Turkey's PMUM imposes levy to cover defaults
London, 20 March (Argus) — Turkey's day-ahead market operator PMUM yesterday levied a fee of almost 2 Turkish lira/MWh ($1.10/MWh) on all buyers to recoup the debts owed to it by market participants who defaulted on collateral payments last month.
PMUM said TL1.96/MWh levy will apply to all buyers, in addition to the TL9.2/MWh “zero balance correction amount” (ZBCA) — the amount charged to buyers to balance PMUM's accounts — on 15 March. The ZBCA has averaged TL2.6/MWh since its implementation in December 2009.
The additional levy will cover defaulting payments by buyers who were unable to meet their balancing collateral obligations as a result of record high prices on the PMUM in February. The higher prices were a result of critical gas supply shortages and extremely cold weather over the month.
Both fees are above the expectations of market participants, who have expressed concern that all buyers are being forced to foot the bill for defaulting players. “It is not right that someone selling electricity bilaterally and who is not exposed to the market will also have to pay for this,” one participant said. “It should instead be dealt only to those buying on the day-ahead market or intraday.”
Another participant suggested that firms could use legal means at their disposal to contest the additional fee, but others are not so hopeful. “As both [the ZBCA and additional fee] were announced beforehand and are in the regulations, I do not think it is possible to contest it,” one trader said. “One solution however might be to demand a change in the way that these fees are calculated in the regulation.”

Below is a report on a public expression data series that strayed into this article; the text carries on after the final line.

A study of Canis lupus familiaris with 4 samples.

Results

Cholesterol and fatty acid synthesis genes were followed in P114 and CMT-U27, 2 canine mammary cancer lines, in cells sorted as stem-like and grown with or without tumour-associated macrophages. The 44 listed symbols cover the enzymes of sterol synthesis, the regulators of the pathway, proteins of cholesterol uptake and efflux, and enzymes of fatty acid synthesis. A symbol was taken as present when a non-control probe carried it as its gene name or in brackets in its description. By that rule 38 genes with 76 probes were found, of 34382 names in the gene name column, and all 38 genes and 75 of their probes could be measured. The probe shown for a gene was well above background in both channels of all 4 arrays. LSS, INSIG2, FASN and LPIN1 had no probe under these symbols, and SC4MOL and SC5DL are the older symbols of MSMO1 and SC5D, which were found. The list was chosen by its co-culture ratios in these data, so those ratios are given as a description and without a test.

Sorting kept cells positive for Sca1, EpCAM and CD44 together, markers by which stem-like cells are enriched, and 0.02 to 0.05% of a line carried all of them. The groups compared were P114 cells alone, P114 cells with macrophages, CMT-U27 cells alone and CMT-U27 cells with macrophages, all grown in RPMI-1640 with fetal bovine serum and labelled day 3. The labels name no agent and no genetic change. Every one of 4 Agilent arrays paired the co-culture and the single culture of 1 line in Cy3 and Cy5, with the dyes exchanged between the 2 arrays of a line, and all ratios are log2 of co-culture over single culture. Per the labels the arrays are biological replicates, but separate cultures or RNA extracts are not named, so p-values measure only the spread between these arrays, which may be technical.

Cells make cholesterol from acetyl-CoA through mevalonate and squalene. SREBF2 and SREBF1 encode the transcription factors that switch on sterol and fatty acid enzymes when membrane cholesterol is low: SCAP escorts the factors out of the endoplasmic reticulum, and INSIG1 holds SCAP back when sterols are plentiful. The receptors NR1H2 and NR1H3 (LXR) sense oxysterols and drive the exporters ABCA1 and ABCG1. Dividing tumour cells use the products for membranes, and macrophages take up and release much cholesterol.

Despite the higher fees, there is optimism among traders that PMUM is taking steps to remedy the systemic non-payment of collateral. “PMUM has made steps through instituting a new collateral mechanism,” a trader said. It is a little late, but it can help to rectify the problems from now on.”
Energy regulator EPDK issued new rules earlier this month permitting PMUM to demand “additional collateral” from participants it deems to be posing a disproportionate imbalance risk to the market. It can also remove consumers from the offending traders' portfolio and turn them over a distribution company. The new rules are expected to reduce the amount of defaults made on collateral payments.